I realized after reading Mrs. Dalloway that I knew nothing about Virginia Woolf’s life except the bare facts of her marriage to Leonard Woolf and her suicide in 1941. Did everyone else know that she was raised in a fairly Brady Bunch style household? That both her parents were previously married, had children and then divorced, married each other, had more children and then raised eight children altogether in the same house? For some reason I had wrongly envisioned Woolf as having a lonely childhood. I figured she may have been the child of older or inattentive parents who was left to create her own colorful world, thus learning her skills for story and fiction at a young age. Of course then I realized that having seven siblings is not necessarily an immunization for loneliness. Nor does a bustling, people-filled world keep you from developing a passion for imaginative creation.
Bustling is one of the first adjectives that comes to mind when I think of Mrs. Dalloway. Every one of the characters seems to be somehow speeding along in perpetual motion. They are all so physically and mentally busy – crashing from one thought to the next, hurrying headlong into the next action or event. The novel just steams forward, halfway out of breath but never once apologizing for its exhausting momentum. I realize this is all a function of Woolf’s stream-of-consciousness style but she just accomplishes it all so immaculately.
Reading the book felt a bit like listening to a boisterous symphony, with all those instruments playing madly in the background while one violin (Peter Walsh, for example) or an alto flute (Clarissa might just have to be the flute) plays a theme in his or her particular voice just a bit louder than the rest. The music behind never quite vanishes and sometimes the soloists fight a bit for space. I quite like the idea of Peter as a violin, with a disturbing octaval range and the ability to play a few notes that are just a bit too high to be comfortable. The overall effect of this rambunctious orchestra is hectic and eventful but everything seems to blend perfectly in the end.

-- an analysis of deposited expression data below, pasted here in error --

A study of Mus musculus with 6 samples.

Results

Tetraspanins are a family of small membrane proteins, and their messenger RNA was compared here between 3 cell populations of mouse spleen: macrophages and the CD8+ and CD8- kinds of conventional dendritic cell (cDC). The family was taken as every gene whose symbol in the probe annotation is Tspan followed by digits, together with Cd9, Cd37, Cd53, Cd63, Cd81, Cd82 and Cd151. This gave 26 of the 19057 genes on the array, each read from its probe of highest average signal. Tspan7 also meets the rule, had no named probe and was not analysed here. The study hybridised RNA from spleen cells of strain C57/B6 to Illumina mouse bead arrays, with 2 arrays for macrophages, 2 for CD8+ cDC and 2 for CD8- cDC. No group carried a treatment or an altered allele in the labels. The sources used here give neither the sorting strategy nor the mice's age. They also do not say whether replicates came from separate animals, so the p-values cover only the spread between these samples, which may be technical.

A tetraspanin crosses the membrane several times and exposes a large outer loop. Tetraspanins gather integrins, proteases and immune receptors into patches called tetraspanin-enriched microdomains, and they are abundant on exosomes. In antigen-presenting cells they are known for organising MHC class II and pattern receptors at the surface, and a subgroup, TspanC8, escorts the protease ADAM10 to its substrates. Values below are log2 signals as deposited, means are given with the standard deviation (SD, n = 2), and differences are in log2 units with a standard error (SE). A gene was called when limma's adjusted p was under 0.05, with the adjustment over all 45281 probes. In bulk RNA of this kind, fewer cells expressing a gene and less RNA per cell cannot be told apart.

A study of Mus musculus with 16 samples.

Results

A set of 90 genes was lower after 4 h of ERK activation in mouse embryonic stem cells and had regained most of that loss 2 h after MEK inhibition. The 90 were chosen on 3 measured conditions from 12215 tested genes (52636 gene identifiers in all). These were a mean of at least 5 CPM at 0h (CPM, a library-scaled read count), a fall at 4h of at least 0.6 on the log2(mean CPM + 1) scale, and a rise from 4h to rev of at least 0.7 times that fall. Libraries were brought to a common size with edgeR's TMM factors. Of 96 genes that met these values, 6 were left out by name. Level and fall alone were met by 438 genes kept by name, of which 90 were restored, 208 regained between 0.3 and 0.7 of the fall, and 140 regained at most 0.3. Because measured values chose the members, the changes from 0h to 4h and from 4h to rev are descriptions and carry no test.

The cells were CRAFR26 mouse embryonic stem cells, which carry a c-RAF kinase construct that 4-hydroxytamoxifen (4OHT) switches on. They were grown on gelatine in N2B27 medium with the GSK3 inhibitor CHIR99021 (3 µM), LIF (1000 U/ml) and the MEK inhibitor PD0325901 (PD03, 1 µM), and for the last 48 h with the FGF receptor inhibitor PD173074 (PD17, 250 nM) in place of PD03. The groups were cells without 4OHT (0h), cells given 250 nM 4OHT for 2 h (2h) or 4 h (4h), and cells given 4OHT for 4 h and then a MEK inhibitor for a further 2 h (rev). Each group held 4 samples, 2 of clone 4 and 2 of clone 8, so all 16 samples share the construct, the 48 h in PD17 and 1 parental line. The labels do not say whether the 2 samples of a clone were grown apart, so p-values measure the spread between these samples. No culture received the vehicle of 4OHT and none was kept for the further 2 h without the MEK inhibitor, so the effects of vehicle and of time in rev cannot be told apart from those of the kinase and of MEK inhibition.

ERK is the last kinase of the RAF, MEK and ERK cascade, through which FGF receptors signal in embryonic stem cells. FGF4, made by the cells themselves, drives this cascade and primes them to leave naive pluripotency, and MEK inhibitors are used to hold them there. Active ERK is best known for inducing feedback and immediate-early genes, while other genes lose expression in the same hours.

The story itself is so wonderfully simple. A woman gets herself and home ready for a party, a man stops in to say hello to an old friend, some men eat lunch with a wealthy older woman, another man and his wife visit a doctor, a young girl and her tutor run to the shops, and so on and so forth from the morning all the way through the early evening of this significant day. Then everyone (minus one) comes together for a party. That’s pretty much it. But within all those little errands and conversations Woolf creates a series of fascinatingly full portraits combined with a healthy serving of social commentary. Each story and character explodes with their own past, with regrets and worries, with all those eccentric bits of real personality.
Mrs. Dalloway is the kind of book that leaves me with the impression that I haven’t even scratched the surface of all that lies beneath its clever prose and brisk story. It isn’t difficult, that’s not what I mean. I just have the feeling that I could read this book once a year and find something new to admire or think about each and every time.